UIC Nursing Alumni–Timothy Carrigan
CNO and Vice President of Patient Care Services, Loyola University Medical Center
“I thought as an 18-year-old starting college, nursing would be a good way to get a job that could take you almost anywhere in the world,” Carrigan says.
It didn’t take him across the world, but it has taken Carrigan to the top of his profession, where he makes an impact with innovative and strategic leadership as well as being nationally recognized for improving patient care delivery and care coordination. He received the UIC College of Nursing’s Outstanding Alumni Achievement Award in 2021.
At Loyola University Medical Center, where Carrigan became CNO and vice president of patient care services in December 2019, the impact has been quick. Under Carrigan’s leadership, Loyola implemented the clinical nurse leader role, a relatively new position intended to be a partner to the nurse manager, focused on improving patient outcomes.
Even with COVID challenges, Loyola saw a 25% improvement in its nursing sensitive quality indicators—measurable links between patient outcomes and nursing care—in the last year. The goal for next year, Carrigan says, is a similar outcome for nurse retention.
The pandemic hit just four months after Carrigan came to Loyola, creating an immediate challenge.
“You can argue that you learn the strengths and weaknesses of an organization quickly in a crisis,” he says. “It might have taken me a year or two to figure out some of the things I saw in the first six months of the pandemic.”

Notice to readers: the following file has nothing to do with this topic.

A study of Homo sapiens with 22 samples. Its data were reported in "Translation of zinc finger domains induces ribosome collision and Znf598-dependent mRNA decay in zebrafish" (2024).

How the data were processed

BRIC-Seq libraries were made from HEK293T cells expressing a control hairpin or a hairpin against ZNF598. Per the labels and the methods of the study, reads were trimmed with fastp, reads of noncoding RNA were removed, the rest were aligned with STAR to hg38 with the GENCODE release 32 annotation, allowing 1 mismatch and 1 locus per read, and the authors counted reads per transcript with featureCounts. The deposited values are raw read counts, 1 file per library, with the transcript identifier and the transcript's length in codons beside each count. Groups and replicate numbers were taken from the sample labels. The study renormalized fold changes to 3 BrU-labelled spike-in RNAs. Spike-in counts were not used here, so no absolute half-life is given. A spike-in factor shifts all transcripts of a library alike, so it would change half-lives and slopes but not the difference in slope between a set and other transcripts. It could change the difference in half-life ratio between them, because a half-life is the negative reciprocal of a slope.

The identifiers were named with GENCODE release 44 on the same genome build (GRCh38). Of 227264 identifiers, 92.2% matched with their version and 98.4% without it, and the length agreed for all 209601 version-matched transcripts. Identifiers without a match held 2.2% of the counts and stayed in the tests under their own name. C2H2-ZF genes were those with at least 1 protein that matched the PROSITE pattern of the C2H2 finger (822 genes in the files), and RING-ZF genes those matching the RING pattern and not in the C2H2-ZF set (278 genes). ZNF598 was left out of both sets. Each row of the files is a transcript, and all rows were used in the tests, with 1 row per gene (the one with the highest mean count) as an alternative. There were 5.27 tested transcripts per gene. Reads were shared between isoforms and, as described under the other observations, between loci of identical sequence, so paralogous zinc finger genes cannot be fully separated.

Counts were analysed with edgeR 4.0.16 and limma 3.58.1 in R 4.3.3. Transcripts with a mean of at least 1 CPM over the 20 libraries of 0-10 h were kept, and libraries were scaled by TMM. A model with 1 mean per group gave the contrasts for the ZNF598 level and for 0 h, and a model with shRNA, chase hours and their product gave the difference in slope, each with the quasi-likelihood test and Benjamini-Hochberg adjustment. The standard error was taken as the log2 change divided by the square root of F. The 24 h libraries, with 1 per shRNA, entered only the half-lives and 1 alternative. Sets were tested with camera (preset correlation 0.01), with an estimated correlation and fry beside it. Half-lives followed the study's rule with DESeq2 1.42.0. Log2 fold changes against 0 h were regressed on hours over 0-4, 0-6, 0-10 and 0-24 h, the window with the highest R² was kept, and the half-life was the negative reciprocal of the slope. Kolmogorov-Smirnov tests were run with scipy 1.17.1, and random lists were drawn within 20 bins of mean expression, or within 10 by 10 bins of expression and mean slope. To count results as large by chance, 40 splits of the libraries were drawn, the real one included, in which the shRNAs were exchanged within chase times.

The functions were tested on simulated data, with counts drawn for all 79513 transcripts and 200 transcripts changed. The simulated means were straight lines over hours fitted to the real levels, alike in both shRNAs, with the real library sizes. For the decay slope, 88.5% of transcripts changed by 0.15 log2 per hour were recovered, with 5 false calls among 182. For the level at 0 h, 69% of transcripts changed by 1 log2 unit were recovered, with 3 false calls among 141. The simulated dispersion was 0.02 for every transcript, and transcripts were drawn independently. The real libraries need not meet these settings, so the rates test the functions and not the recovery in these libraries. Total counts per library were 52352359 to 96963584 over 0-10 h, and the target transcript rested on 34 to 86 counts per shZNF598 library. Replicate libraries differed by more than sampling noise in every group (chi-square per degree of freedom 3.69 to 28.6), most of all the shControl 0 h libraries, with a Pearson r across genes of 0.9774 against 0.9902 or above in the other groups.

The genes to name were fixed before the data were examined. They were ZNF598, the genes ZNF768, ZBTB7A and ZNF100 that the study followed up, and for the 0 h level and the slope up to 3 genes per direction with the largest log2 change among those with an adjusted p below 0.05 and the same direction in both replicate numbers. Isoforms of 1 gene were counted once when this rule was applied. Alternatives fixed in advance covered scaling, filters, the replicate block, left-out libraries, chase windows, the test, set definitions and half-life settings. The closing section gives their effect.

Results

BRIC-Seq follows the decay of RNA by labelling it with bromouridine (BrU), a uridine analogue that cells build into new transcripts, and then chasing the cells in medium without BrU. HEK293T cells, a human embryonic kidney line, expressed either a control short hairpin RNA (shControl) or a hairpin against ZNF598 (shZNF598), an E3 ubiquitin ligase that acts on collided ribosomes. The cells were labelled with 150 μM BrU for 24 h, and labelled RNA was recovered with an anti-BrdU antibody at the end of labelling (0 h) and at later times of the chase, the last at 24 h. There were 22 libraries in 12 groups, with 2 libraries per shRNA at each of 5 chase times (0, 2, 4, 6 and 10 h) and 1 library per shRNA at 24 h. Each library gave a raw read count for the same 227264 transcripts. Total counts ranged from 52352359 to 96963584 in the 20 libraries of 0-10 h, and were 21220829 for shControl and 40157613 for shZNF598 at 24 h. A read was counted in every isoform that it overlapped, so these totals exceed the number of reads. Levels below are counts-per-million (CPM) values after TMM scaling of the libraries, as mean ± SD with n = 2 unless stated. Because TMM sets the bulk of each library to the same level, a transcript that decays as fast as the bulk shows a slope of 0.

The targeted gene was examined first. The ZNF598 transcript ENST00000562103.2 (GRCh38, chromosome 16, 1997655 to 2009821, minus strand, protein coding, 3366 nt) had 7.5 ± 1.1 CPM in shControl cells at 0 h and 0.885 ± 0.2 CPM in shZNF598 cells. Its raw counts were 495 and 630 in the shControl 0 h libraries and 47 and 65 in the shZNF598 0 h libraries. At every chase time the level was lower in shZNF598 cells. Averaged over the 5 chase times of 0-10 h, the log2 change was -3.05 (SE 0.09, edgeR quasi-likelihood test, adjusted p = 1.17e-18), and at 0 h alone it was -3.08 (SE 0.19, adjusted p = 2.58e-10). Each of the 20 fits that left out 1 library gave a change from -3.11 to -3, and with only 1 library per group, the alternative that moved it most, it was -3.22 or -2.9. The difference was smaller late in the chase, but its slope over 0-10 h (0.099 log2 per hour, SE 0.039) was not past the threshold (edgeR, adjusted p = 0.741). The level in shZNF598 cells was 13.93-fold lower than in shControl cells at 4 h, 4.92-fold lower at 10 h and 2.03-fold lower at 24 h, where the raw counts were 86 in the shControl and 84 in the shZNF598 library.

Carrigan, who grew up in Decatur, Illinois, began his career as an ICU nurse at UI Health, UIC’s affiliated medical center, in Chicago. At the urging of a mentor, he soon began his PhD studies at UIC. Four years into his career, colleagues recognized his leadership potential and encouraged him to apply for a management position. Carrigan didn’t have a leadership background, but believes he gained notice with his ability to embrace change—and help his colleagues embrace it—as technology was transforming nursing.
“I graduated from college charting on paper and, within my first two or three years, it had all converted to electronic,” he says.
Leadership positions at Advocate Illinois Masonic Medical Center and Rush University Medical Center followed, and Carrigan quickly gained notice for his work. He received the Chicago Health Executive Forum Early Career Healthcare Executive Award and was named to the Illinois Nurses Foundation list of 40 Under 40 Emerging Nurse Leaders in 2018. In 2020, he was named a Chicago Crain’s Notable LGBTQ Executive. He is president-elect of the Illinois Organization of Nurse Leaders.
The impact Carrigan has made on healthcare has brought him satisfaction, but what brings him particular joy is the ability to recognize and mentor talent in the same way others made an impact on him—including Mariann Piano, PhD ‘88, MS ‘84, RN, FAAN, FAHA, and Mary Ann Anderson, his PhD advisor and dissertation committee chair, while he was earning his PhD.
“Helping new and emerging leaders harness the potential I see in them is my favorite part of the job,” he says. “When you see them be successful— they get a promotion or they get published—and you know you had some influence on their success, it brings an incredible amount of joy.”